Scientists can't expect the unexpected if they're not open-minded about how their theories might be wrong.
The Universe is mind-bogglingly large and with the latest technology, the search is only just starting to heat up.
As more than a million people have indicated plans to partake in a citizen 'raid' on the famed Area 51 to 'see them aliens,' a scholar on the search for extraterrestrial life weighs in on the hype.
Life could exist in another solar system in a different part our galaxy. Or in another galaxy far away. We don't have the perfect technology yet to study such far away places but we're still trying.
Using AI to search for ET might help us find things we couldn't even imagine we should look for, but to succeed we also have think critically about how we create and use that technology.
New research may help us to look for messages from alien civilisations.
Scientists looking for signs of alien life from the mystery object passing through our Solar system say they've found nothing "so far".
Astronomers in Puerto Rico have picked up signal from a faint star that's not like anything they've seen before.
Colliding black holes to exploding spacecraft, 2016 was an incredible year for astrophysics.
Mysterious radiation that appears to come from star HD 164595 is more likely to have a terrestrial origin.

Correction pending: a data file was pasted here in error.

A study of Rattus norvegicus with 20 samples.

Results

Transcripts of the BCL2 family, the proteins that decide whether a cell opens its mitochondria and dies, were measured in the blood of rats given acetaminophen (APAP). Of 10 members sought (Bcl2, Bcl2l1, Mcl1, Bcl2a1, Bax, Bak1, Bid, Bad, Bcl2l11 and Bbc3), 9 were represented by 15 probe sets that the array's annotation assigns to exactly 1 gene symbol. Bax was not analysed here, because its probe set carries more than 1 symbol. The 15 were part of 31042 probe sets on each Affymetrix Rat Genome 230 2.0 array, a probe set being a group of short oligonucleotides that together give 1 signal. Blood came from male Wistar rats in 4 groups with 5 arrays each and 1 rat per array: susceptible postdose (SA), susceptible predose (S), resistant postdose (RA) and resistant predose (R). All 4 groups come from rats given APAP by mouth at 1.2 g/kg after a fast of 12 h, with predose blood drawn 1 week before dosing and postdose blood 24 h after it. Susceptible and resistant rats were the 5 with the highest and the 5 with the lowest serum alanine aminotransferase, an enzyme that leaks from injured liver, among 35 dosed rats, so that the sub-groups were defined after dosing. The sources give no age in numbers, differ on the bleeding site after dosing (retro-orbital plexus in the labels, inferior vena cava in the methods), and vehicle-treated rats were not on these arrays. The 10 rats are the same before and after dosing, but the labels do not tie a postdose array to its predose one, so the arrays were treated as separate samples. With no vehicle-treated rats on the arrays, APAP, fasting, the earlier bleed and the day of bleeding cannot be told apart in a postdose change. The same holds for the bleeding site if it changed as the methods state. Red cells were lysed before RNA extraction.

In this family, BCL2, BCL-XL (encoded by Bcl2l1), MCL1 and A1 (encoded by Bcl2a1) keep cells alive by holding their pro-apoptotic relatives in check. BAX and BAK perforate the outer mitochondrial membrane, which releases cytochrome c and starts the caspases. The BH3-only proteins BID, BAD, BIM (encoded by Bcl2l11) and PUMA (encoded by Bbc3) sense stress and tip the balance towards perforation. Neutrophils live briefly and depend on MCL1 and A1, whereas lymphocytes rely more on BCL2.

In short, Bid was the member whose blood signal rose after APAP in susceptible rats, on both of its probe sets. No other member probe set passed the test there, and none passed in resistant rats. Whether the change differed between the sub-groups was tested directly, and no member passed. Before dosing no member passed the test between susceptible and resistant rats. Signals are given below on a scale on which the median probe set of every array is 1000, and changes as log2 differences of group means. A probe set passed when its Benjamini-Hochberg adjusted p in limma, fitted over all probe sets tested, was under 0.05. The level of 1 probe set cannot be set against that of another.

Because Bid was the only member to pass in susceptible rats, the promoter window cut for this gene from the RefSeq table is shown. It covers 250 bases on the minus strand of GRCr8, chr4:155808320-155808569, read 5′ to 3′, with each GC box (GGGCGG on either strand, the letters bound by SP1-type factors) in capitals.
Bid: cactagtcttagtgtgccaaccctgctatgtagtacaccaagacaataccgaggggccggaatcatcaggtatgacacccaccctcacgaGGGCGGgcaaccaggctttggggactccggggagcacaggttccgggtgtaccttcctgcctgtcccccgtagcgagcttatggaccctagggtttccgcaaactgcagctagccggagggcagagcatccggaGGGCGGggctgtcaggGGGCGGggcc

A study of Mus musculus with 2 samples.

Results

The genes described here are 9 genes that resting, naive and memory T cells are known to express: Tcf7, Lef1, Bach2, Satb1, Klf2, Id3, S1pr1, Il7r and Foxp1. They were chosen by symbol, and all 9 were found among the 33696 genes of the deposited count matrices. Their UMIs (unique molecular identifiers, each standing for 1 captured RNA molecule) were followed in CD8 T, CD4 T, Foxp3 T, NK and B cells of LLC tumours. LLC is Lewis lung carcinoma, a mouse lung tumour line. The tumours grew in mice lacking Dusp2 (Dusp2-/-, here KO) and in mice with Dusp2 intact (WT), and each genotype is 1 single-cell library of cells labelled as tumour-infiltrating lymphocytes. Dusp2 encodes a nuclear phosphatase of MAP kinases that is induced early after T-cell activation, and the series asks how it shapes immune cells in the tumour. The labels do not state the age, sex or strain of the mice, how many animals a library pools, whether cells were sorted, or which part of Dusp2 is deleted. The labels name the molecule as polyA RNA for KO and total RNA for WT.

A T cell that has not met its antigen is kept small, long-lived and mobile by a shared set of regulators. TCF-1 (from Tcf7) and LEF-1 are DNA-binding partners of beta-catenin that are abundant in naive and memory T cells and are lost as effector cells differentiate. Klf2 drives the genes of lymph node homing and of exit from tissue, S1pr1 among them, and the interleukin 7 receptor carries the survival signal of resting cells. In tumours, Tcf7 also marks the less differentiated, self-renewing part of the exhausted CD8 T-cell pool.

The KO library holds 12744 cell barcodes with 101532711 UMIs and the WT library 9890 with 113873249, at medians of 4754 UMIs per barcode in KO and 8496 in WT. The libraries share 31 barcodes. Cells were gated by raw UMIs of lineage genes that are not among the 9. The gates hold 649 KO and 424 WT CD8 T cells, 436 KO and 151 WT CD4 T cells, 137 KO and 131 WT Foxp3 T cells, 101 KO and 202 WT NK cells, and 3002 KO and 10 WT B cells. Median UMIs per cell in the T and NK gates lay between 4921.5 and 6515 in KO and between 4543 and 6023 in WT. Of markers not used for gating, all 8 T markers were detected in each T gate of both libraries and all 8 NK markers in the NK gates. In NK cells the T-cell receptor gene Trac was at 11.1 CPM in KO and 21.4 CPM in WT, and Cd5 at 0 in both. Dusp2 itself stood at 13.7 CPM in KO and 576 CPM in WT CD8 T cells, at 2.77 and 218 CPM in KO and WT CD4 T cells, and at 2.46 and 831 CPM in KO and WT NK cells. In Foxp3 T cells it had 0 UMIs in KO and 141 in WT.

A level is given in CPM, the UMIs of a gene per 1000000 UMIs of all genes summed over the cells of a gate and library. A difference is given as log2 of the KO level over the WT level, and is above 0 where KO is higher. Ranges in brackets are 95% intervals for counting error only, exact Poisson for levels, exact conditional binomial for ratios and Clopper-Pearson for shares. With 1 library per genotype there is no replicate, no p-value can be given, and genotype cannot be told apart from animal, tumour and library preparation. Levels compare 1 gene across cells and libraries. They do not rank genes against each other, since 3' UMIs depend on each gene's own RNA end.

Some argue that it would be impossible to understand an alien language, as it wouldn't have the same grammar as humans use. But others are more optimistic.
Complex life may be rare in the universe because most planets become either too hot or too cold before life has a chance to get a foothold. This might explain why we have yet to bump into E.T.
In a world of blogs, twitter and open data, scientists need to think again about how they'd communicate a discovery of alien life.
From a flyby of Pluto to the search for extrasolar planets and gravitational waves, 2015 was a monumental year for space news.
A hint of oxygen and a whiff of methane in a distant exoplanet's atmosphere may be the first evidence we discover of alien life.
The chance that Kepler has spotted construction of a Dyson sphere are very low but it could also be the ruins of such a structure.
There's a lot of speculation about a star behaving strangely in our galaxy. But even if it's not evidence of alien intelligence, it's sure to be an amazing discovery.
Kepler-452b's discovery last week has raised the perennial question: are we alone in the universe? While the find's scientific import is huge, it also poses questions that go to the heart of religion.
Given Earth is our sole example of life in the universe, it's hard to know what we're looking for elsewhere in the cosmos.
Simple mathematics suggests that if there are aliens out there, they should have reached us by now. So is it really worthwhile trying to communicate with them?